Antigua PM accuses Barbados, SVG of trying to block LIAT
Antigua and Barbuda Prime Minister Gaston Browne


The accusation was made by Antigua and Barbuda’s prime minister, Gaston Browne following developments that resulted in the airline having to suspend services to two of its previously announced destinations while it awaits the approval from the relevant authorities in Barbados and SVG.

“The airline had previously announced services to Barbados and St Vincent and the Grenadines was scheduled to begin flights as of November 30. Prior to its suspension of services due to the COVID-19 pandemic, the airline had been operating to these destinations on valid flight approvals, which have not expired,” a release from the airline, dated December 5 said.

According to the release, LIAT operated a scheduled flight to Barbados on November 30 but was informed by both CARICOM territories that new arrangements must be made for the airline to operate in SVG and Barbados.

Browne, in response to the development, has been reported in regional media as saying that “LIAT will succeed, notwithstanding the artificial impediments that these countries are creating”.

Antigua’s prime minister said it was “an extremely unfortunate development” in which the impediments are being developed, notwithstanding that the airline has valid flight approvals to operate in the SVG and Barbados – both former shareholder countries of the airline, whose company is now under administration.

Browne also noted that LIAT was a regional institution and should be given national treatment and should not be treated “as some step-child, but to be embraced as a regional carrier, and if anything, should be given preference, not to be discriminated against”.

The prime minister further noted that if this particular behaviour is to continue, it will be considered restraining of trade, and the administrator would want to consider taking the countries to the Caribbean Court of Justice, so it should not be allowed to continue.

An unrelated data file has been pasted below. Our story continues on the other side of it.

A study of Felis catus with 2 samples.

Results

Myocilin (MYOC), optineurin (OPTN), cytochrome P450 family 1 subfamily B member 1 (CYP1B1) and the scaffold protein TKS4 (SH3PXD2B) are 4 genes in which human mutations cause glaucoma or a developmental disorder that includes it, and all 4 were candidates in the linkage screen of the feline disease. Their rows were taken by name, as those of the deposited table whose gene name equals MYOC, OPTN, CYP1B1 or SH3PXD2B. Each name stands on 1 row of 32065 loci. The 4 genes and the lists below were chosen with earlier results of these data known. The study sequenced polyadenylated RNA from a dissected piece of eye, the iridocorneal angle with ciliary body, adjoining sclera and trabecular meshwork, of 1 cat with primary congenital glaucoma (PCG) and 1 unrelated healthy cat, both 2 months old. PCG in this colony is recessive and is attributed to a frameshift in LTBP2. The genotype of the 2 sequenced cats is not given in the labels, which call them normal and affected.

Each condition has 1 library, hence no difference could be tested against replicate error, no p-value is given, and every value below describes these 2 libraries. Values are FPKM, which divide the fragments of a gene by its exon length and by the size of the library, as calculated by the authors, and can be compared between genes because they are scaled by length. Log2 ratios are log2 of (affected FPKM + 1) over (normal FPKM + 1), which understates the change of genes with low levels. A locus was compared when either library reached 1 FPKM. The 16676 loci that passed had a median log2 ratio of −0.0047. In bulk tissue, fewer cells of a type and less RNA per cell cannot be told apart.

SEARCHLIGHT contacted Carlos James, the minister with responsibility for civil aviation for comment on the issue.

James said he needed to review reports in relation to the matter before commenting. Follow-up calls to the minister were unanswered up to press time.

LIAT’s release on Saturday said it will continue to work with relevant authorities to finalise all new required arrangements

so that connectivity between the destinations of the Caribbean can be maintained.

It also advised passengers whose flights have been affected to contact the LIAT Reservations Call Centre for assistance.

“LIAT will waive all change fees for these passengers due to the inconvenience these cancellations may have caused,” the release said.

LIAT announced in November the resumption of flights five days a week to seven destinations: Antigua and Barbuda, Barbados, Dominica, Grenada, St Lucia, St Kitts and St Vincent and the Grenadines.

This is the first time that the regional carrier has operated since it suspended commercial services in March due to the COVID-19 pandemic.

LIAT is currently under Administration, with the administrator being Cleveland Seaforth of BDO Antigua and Barbuda.

The airline is headquartered in Antigua and Barbuda and operates a limited schedule to several destinations across the Caribbean.